Marlan O. Scully, Internationally Renowned Physicist, Joins Baylor University

  • News Photo 5259
    Internationally renowned physicist and member of the National Academy of Sciences, Marlan O. Scully, Ph.D., who is best known for his work in theoretical quantum optics, has been named Distinguished Research Academician of Science and Engineering at Baylor University. Scully will relocate his research labs to the Baylor Research and Innovation Collaborative (BRIC).
  • News Photo 5262
    Local media met with Dr. Truell Hyde, vice provost for research at Baylor, and renowned physicist Marlan O. Scully, Distinguished Research Academician of Science and Engineering at Baylor, for a tour of the Baylor Research and Innovation Collabortive (BRIC), where Scully will relocate his research labs.
  • News Photo 5261
    Dr. Truell Hyde, vice provost for research at Baylor, and renowned physicist Marlan O. Scully, Distinguished Research Academician of Science and Engineering at Baylor, toured the Baylor Research and Innovation Collabortive (BRIC). Scully will relocate his research labs from Princeton to the BRIC.
  • News Photo 5258
    Local media met with Dr. Truell Hyde, vice provost for research at Baylor, and renowned physicist Marlan O. Scully, Distinguished Research Academician of Science and Engineering at Baylor, for a tour of the Baylor Research and Innovation Collabortive (BRIC), where Scully will relocate his research labs.
  • News Photo 5257
    "Baylor Research" is etched into the front of the BRIC or Baylor Research and Innovation Collaborative, the first - and cornerstone - facility of a 21-acre discovery complex that will evolve into the Central Texas Technology and Research Park as tenants populate the park over the next few decades.
Oct. 17, 2011


WACO, Texas (Oct. 17, 2011) - Internationally renowned physicist and member of the National Academy of Sciences, Marlan O. Scully, Ph.D., who is best known for his work in theoretical quantum optics, has been named Distinguished Research Academician of Science and Engineering at Baylor University.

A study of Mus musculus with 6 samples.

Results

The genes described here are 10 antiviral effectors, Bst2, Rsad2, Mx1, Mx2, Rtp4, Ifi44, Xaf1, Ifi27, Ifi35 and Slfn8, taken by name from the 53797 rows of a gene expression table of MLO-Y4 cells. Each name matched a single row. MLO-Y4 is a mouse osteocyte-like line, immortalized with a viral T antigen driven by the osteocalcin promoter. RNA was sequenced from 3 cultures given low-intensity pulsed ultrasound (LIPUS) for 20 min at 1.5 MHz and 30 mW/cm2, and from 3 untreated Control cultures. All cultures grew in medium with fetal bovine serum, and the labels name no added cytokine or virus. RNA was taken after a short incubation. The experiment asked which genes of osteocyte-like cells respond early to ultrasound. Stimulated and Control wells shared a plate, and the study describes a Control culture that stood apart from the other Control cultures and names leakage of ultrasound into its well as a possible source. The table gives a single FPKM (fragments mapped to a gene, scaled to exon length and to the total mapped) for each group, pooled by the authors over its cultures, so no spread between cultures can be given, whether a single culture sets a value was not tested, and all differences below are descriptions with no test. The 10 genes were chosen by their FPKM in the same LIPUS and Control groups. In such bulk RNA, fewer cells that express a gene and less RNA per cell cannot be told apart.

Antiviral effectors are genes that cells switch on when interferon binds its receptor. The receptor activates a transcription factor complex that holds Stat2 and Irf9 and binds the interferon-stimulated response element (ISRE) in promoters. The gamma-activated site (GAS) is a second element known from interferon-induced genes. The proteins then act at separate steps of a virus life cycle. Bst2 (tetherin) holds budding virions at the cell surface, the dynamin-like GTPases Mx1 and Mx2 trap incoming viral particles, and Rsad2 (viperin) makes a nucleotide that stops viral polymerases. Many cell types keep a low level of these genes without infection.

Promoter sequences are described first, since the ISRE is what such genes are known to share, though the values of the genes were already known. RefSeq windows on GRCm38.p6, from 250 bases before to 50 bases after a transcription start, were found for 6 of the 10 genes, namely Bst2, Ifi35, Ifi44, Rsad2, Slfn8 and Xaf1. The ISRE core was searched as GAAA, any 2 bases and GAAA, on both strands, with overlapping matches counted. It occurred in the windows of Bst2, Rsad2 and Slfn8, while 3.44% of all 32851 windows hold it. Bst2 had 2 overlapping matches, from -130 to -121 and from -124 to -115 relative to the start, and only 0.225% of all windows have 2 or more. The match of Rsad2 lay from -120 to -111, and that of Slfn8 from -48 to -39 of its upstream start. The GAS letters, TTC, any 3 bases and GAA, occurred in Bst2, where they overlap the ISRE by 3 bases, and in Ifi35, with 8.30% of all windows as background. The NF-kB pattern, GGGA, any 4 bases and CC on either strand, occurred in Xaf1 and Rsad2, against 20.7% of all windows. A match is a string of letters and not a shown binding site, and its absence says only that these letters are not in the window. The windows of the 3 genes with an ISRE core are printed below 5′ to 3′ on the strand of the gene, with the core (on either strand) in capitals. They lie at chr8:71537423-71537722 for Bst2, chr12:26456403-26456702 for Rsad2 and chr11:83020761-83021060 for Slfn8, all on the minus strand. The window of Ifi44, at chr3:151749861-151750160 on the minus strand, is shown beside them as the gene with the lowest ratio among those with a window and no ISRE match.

Scully, who will relocate his research labs to the Baylor Research and Innovation Collaborative (BRIC), has made outstanding research accomplishments over his long career in the areas of quantum optics, laser physics and bioengineering. He wrote definitive textbooks on quantum optics and laser physics and has published his research in more than 700 articles in professional journals such as Nature and Science. He has also written for popular venues like Scientific American and Physics Today.

"Dr. Scully is truly a Renaissance researcher," said Truell Hyde, Ph.D., Baylor University vice provost for research. "His knowledge and research interests span many fields, and we look forward to his continued research contributions here at Baylor."

In addition to his membership in the National Academy of Sciences, Scully is a member of the Academia Europa, the Max Planck Society, and the American Academy of Arts and Sciences, among others. He has received numerous awards and honors including the Elliot Cresson Medal of the Franklin Institute, the Schawlow Prize of the American Physical Society, the Townes Medal of the American Optical Society, the Herbert Walther Award of the German Physical Society, and a Guggenheim Fellowship. He was recently appointed Loeb Lecturer at Harvard University.

"I am excited to become part of the Baylor community and explore the theological and philosophical implications of quantum mechanics, entropy and statistical time," said Scully. "Baylor is a unique, academically excellent Christian university, and I look forward to working with fellow researchers as Baylor reaches the next level of research excellence."

Scully did his undergraduate work at the University of Wyoming and Rensselaer Polytechnic Institute and his master's and doctoral work at Yale University. He is a member of the faculties at Texas A&M University and Princeton University. He is the Herschel Burgess Chair and Distinguished Professor in the department of physics at Texas A&M and is the director of its Center for Theoretical Physics. For the past decade, he has held a professorial position at Princeton.

The BRIC is the first, and cornerstone, facility of a 21-acre discovery complex that will evolve into the Central Texas Technology and Research Park as tenants populate the park over the next few decades. It will provide researchers, organizations and private companies with 300,000 square feet of physical space for labs, research centers, industry collaborative space, workforce training and symposia meeting venues for up to 300 attendees. Additionally, science, technology, engineering and math (STEM) space and an Innovative Business Accelerator are planned.

About Baylor University

Baylor University is a private Christian university and a nationally ranked research institution, classified as such with "high research activity" by the Carnegie Foundation for the Advancement of Teaching. The university provides a vibrant campus community for approximately 15,000 students by blending interdisciplinary research with an international reputation for educational excellence and a faculty commitment to teaching and scholarship. Chartered in 1845 by the Republic of Texas through the efforts of Baptist pioneers, Baylor is the oldest continually operating university in Texas. Located in Waco, Baylor welcomes students from all 50 states and more than 80 countries to study a broad range of degrees among its 11 nationally recognized academic divisions.